Rogues Gallery: DOJ Lists the Worst-Behaved Drug Companies of 2010

Last Updated Jan 25, 2011 5:46 PM EST

Congratulations, Allergan (AGN): The company paid the biggest settlement to the Department of Justice's healthcare fraud and abuse program in 2010, $600 million for the unapproved, "off-label" promotion of Botox for headaches. 2010 was a banner year for bad behavior in the drug business, according to the DOJ. There were:
  • $2.5 billion in health care fraud judgments and settlements.
  • 1,116 new criminal health care fraud investigations.
  • 2,095 potential defendants in those cases.
  • 1,787 ongoing criminal health care fraud investigations pending.
  • 2,977 potential defendants in those cases.
  • 488 cases with criminal charges filed.
  • 931 actual defendants in those cases.
  • 726 defendants convicted of health care fraud-related crimes
The statistic that managers ought to pay most attention to is the one describing them. While I've criticized the DOJ in the past for talking a lot about prosecuting individual executives while not actually doing so, the DOJ reports that The Department of Health and Human Services' Office of the Inspector General banned 3,340 individuals and entities from doing business with the federal government.

Here are the 16 worst-behaved drug and medical device companies in 2010, ranked by the size of the settlements or awards extracted by the DOJ:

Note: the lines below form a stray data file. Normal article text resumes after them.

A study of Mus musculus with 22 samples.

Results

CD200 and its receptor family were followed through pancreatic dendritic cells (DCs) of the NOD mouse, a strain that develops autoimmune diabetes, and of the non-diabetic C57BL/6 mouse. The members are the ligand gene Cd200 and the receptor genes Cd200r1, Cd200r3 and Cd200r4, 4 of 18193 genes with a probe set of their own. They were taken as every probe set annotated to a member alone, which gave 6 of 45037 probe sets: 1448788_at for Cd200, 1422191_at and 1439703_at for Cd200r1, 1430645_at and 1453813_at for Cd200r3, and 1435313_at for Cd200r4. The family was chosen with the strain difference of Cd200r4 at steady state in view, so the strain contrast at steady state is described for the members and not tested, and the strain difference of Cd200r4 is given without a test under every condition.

1. Allergan, $600 million, mismarketing of Botox
  2. AstraZeneca, $520 million, mismarketing of Seroquel
  3. Novartis, $422.5 million, mismarketing of Trileptal and others
  4. Forest Labs, $313 million, mismarketing of Lovothroid and Celexa
  5. Mylan/UDL Labs/AZ and Johnson & Johnson, $124 million, underpaid rebates to Medicaid
  6. Teva, $100 million, inflated prices
  7. J&J, $81 million, mismarketing of Topamax
  8. Novartis, $72.5 million, mismarketing of TOBI for cystic fibrosis
  9. Alpharma, $42.5 million, mismarketing of Kadian
  10. KV Pharmaceutical, $27.5 million, oversized pills
  11. Biovail, $24.7 million, mismarketing of Cardizem
  12. Boston Scientific, $22 million, kickbacks on defibrillators
  13. Cardinal Health and Bindley Western, $5.5 million, overcharging the DOD
  14. Spectranetics Corporation, $4.9 million, marketing unapproved medical devices
  15. Atricure, $3.7 million, mismarketing surgical devices
  16. Sandoz, $3.5 million, fraudulent reimbursement for nitroglycerin tablets
You can see previous years' reports here.